Currently I accomplish this by including a different header depending on the current platform but I'm having trouble fleshing this out because I'm not sure what preprocessor definitions are defined for all platforms. For windows I can generally rely on seeing WIN32 or _WIN32. For Linux I can rely on seeing _UNIX_ but I am less certain about the other platforms or their 64-bit variants. Does anyone have a list of the different definitions found on platforms or will I have to resort to a config file or gcc parameter?


up vote 7 down vote accepted

I have this sourceforge pre-compiler page in my bookmarks.

    
That's OK, thanks. –  Nikolai N Fetissov Aug 31 '11 at 15:31


Here's the one used by libpng


You might also want to try to instead organize your project such that most of the .h files are not platform dependent. Split your implementation (cpp files) into separate files; one for the nonspecific stuff and one for each platform. The platform specific ones can include 'private' headers that only make sense for that platform. You may have to make adapter functions to get something like this to work 100% (when the system libs take slightly differed arguments) but I have found it to be really helpful in the end, and bringing on a new platform is a whole lot easier in the future.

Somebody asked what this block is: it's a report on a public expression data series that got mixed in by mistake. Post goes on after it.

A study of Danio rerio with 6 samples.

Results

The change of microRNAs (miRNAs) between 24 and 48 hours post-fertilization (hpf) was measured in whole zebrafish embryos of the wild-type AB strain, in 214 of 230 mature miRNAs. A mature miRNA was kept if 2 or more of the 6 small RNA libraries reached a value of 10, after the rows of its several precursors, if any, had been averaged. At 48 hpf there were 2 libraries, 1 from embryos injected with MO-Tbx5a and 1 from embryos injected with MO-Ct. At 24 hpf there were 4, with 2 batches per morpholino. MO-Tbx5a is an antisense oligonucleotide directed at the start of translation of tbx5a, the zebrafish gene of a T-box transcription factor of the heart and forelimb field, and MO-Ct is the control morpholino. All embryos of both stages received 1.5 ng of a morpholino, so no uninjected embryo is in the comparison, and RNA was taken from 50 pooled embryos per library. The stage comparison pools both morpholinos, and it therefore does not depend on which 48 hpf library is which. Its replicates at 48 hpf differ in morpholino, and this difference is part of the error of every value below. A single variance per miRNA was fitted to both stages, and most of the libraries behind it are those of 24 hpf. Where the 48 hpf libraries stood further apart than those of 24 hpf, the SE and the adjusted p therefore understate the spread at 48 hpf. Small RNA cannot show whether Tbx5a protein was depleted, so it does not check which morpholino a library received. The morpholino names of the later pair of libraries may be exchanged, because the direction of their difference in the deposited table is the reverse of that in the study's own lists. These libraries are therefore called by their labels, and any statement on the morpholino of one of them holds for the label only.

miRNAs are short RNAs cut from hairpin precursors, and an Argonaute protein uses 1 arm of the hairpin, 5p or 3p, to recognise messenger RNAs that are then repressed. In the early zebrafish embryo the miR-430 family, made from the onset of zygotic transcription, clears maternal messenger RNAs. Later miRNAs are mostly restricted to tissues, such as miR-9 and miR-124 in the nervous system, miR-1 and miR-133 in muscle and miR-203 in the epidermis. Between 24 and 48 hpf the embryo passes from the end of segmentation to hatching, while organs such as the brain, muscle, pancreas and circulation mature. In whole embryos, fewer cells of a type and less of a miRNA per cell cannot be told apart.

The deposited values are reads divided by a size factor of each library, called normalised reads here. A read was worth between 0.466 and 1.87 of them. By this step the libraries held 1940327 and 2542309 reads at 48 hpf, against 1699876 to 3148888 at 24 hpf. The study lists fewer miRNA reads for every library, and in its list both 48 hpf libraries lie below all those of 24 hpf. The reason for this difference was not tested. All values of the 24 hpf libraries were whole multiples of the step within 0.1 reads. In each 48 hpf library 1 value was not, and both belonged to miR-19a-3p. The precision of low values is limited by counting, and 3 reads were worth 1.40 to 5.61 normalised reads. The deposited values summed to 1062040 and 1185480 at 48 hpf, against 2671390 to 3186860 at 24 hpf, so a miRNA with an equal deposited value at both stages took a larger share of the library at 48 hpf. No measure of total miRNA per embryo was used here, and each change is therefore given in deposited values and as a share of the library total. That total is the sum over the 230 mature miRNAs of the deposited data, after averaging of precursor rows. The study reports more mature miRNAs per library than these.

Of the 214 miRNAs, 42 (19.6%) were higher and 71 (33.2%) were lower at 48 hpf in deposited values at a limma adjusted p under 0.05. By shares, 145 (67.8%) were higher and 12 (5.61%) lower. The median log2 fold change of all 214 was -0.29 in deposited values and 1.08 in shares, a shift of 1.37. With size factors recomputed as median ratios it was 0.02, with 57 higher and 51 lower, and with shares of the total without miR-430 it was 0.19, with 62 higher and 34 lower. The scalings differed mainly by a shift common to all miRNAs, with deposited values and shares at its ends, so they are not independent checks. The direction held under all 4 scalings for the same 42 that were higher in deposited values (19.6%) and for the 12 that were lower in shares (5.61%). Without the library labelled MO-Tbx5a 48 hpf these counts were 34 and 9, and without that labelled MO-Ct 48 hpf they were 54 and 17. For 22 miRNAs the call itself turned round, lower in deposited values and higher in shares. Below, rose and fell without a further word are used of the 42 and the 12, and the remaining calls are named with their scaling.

echo 'main(){}' | cpp -dM

These are often of limited use however, as at the stage of the compilation at which the preprocessor operates, most of the symbols identify the operating system and CPU type of only the system hosting the compiler, rather than the system being targeted (e.g. when cross-compiling for iOS). On Mac OS X and iOS, the right way to determine the compile-time characteristics of the system being targeted is

#include <TargetConditionals.h>

This will pick up TargetConditionals.h from the Platform and SDK currently in use, and then you can determine (e.g.) endianness and some other characteristics from some of the Macros. (Look through TargetConditionals.h to see what kinds of info you can glean.)